Let the bank merger boom begin

  • Banks are swimming in so much excess cash that they don't know what to do with it.
  • The people at the regulatory agencies have changed so that the foxes are running the hen houses.
  • This will lead to the start of a bank merger boom.

American banks are swimming in excess funds. They do not know what to do with this money so they are giving it away in the form of stock buybacks and dividends. At the same, time the irony is that the banks are just starting to report mediocre to disappointing second quarter earnings. So, on one hand, the resources necessary to support meaningful growth are being given away.

On the other hand, the need to use this money to stimulate growth has never been greater. Initial earnings reports for the second quarter suggest that the banks are not obtaining the hoped for margin increases and it is tougher to locate new loans.

The absurdity of this situation is not going to persist. The door to intra-industry acquisitions may be about to crack open. The first inkling of merger mania was seen recently when JPMorgan Chase was reported to be considering buying a payment systems company Worldpay Group in Great Britain.

Under the old political regime this would have been impossible because of regulations and a strict view of antitrust laws. However, the old regime is gone. Now regulatory agencies are, or are about to be run, by leaders who think like bankers and are therefore more willing to accede to bankers requests.

Since the financial crash in 2009, according to FDIC numbers, banks have had common equity to asset ratios of approximately 11.0 percent to 11.3 percent. The last time this ratio was this high was in 1938. Interestingly, for the last four years all of the common equity in the banking industry was invested in cash – pure cash. This has not happened since 1992, 25 years ago.

The first reason banks have so much money is because they are earning record amounts. This was true in 2013, 2015 and 2016.

The second reason that the banks have so much money is because the government has forced them to build much larger equity bases and invest the money raised into cash and securities, most of which are backed by U.S. government guarantees.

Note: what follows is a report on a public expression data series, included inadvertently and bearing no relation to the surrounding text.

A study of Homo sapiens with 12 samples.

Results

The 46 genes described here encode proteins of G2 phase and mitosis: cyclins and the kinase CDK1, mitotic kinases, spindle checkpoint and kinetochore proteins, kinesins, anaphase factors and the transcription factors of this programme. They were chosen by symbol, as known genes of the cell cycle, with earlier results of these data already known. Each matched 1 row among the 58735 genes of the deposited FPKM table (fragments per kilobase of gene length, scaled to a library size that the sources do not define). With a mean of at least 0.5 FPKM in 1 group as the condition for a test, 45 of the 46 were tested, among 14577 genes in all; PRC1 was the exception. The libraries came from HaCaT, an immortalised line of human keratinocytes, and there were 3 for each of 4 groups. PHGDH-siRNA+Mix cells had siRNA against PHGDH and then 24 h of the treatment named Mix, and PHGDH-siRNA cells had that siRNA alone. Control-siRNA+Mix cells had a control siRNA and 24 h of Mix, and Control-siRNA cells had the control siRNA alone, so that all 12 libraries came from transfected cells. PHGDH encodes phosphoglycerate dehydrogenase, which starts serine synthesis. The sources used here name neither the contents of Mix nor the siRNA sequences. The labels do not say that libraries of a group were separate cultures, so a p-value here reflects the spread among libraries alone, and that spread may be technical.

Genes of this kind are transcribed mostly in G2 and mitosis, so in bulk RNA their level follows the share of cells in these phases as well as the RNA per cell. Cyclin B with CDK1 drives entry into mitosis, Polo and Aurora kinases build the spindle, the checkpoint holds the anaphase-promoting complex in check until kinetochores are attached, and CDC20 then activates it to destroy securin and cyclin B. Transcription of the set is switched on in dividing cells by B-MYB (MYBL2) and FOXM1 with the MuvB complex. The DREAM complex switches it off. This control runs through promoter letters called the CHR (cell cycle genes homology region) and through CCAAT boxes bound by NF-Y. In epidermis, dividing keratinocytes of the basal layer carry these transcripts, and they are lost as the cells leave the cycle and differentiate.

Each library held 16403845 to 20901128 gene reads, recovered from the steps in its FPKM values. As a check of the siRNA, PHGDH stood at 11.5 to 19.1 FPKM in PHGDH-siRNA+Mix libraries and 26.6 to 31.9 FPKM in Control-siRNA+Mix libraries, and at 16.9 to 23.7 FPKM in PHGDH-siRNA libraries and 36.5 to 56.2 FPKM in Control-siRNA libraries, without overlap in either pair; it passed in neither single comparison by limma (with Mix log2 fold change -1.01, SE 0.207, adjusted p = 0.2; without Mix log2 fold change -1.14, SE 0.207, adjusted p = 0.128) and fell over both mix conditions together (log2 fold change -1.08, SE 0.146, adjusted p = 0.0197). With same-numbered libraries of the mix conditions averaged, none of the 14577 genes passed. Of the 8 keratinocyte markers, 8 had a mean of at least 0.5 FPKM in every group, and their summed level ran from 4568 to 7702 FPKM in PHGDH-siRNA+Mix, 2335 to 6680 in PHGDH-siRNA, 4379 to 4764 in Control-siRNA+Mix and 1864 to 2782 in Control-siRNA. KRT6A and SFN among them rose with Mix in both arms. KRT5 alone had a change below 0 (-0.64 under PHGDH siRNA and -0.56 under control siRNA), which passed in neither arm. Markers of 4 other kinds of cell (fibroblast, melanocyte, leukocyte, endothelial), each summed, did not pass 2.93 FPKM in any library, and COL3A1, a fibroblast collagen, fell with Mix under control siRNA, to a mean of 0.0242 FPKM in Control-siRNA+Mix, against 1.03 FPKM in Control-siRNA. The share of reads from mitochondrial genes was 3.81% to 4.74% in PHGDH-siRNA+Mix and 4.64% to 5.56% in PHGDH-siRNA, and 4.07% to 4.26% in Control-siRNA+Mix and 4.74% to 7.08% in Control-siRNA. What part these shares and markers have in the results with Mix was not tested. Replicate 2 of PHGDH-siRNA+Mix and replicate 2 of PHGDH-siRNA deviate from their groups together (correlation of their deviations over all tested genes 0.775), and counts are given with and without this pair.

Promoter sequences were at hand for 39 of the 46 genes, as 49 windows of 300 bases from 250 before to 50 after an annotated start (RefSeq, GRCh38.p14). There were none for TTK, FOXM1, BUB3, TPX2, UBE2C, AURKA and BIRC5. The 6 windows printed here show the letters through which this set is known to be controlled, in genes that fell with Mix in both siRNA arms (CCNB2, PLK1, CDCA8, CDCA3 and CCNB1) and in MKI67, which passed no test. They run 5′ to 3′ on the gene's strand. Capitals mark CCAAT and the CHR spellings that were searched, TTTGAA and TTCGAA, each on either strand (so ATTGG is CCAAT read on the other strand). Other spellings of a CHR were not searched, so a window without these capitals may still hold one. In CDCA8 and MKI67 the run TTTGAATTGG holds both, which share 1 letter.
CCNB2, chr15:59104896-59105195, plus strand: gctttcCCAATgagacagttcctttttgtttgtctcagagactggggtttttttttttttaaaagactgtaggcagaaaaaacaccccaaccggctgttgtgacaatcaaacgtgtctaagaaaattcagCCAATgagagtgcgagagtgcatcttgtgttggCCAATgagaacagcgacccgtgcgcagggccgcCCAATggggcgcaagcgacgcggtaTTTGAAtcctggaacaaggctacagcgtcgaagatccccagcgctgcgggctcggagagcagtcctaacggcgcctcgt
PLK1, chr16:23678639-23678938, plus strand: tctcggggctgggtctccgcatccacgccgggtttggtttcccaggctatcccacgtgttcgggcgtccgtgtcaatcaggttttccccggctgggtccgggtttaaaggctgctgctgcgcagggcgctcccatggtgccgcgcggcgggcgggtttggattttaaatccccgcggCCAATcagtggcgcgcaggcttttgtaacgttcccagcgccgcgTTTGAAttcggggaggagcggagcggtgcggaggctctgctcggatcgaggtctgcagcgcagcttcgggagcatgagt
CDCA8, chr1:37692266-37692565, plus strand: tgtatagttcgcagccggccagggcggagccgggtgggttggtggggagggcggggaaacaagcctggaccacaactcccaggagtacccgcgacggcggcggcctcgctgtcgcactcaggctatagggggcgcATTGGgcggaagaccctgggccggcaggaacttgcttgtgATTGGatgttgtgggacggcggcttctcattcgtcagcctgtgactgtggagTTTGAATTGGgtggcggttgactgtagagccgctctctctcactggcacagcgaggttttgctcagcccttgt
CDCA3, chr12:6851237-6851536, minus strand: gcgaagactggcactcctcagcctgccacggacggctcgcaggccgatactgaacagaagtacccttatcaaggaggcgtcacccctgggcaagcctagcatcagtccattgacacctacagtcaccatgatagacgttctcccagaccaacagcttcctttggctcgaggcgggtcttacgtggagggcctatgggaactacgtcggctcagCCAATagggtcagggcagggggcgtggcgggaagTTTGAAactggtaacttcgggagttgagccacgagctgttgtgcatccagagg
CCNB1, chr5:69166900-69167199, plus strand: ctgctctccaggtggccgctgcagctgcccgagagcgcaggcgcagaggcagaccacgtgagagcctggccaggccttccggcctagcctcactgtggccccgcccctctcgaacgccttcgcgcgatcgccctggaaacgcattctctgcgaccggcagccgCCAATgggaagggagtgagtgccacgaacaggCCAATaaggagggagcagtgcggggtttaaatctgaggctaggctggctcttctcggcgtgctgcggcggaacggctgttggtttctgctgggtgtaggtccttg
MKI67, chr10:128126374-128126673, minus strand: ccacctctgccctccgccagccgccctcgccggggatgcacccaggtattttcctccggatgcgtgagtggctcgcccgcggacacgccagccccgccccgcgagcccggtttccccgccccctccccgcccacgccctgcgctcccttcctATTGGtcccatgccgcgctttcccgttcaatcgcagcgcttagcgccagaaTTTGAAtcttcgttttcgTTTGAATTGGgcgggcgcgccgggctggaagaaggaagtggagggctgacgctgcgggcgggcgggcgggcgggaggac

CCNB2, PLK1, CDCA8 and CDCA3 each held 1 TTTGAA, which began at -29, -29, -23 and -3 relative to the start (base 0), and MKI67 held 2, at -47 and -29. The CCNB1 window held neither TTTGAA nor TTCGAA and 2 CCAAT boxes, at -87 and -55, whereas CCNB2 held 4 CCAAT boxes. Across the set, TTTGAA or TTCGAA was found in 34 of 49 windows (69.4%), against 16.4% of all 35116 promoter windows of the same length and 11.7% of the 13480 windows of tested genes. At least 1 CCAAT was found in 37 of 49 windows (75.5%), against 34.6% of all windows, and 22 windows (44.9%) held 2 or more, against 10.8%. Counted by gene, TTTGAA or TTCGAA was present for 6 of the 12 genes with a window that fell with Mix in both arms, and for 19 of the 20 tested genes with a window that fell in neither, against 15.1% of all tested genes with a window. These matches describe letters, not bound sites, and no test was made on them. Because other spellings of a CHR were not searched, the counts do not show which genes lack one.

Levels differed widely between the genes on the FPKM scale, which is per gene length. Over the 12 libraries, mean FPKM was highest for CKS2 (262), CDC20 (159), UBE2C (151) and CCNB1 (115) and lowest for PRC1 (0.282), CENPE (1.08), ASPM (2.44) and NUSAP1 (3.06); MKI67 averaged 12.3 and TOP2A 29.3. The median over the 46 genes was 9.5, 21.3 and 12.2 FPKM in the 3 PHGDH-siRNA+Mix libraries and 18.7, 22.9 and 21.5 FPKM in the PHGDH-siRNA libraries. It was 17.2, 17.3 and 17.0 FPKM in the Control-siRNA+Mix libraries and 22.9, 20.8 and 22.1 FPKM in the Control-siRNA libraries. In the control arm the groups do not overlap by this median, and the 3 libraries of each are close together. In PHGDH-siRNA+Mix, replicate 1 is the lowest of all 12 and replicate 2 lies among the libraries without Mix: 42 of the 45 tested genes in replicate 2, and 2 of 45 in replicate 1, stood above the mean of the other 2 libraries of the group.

"All that is needed to start the rush is for someone to ring the bell. That someone is likely to be a new bank acquisition by BB&T."

So, they have all the cash they can use and they have met all of the government's requirements for holding cash and capital. So, what do they do with the money? Bank managements do not appear to know so they are giving it away. Banks as large as JPMorgan Chase and Citigroup to smaller entities like Regions Financial and Comerica are expected to payout more than 100 percent of their earnings in dividends and stock buybacks in 2018.

What would they like to do with the money? It would appear that banks like BB&T, Citizens Financial, Fifth Third, KeyCorp, M&T Bank, PNC Financial, SunTrust, and even U.S. Bancorp would prefer to make acquisitions. Expect JPMorgan Chase and Bank of America to harbor similar feelings. Some of these banks have said so publicly.

Changes in the structure of the regulatory agencies might make this dream a reality.

  • There are two ex-bankers in the Administration:
    • Steve Mnuchin at Treasury
    • Gary Cohn in the Economic Council
  • Joseph Otting, a banker, is to lead the Office of the Comptroller of the Currency
  • Randal Quarles, an investor in financial institutions at the Carlyle Group, may be the next Fed governor in charge of bank regulation.
  • Jay Clayton, a lawyer who advised companies as to how to deal with the Securities and Exchange Commission, is now head of that body.
  • Jeff Sessions is the Attorney General
  • Jamie Dimon, JPMorgan's CEO, heads the Business Roundtable.

Plus, the need of the United States to grow its banks to facilitate its foreign policy is now an issue. If there are to be non-military sanctions against North Korea, they will start with eliminating that country's access to the global banking system. This requires the U.S. to have big banks; much bigger than they are now.

The need/will among big banks to make acquisitions is there. The money is there. The need for acquisitions to happen on the part of the U.S. government is being changed by international developments. The people at the regulatory agencies have changed so that the foxes are running the hen houses – bankers and their supporters are or will be running the regulatory agencies. All that is needed to start the rush is for someone to ring the bell. That someone is likely to be a new bank acquisition by BB&T. Also consider that JPMorgan Chase may acquire an overseas bank.

The primary targets for acquisitions are mid-sized regional banks with large customer bases and excess deposits. These companies can be absorbed by the bigger banks; their infra-structures eliminated and a wider array of products sold to the customer base. These deals always seem to work well.

Commentary by Richard X. Bove, an equity research analyst at Rafferty Capital Markets and the author of "Guardians of Prosperity: Why America Needs Big Banks" (2013).

For more insight from CNBC contributors, follow @CNBCopinion on Twitter.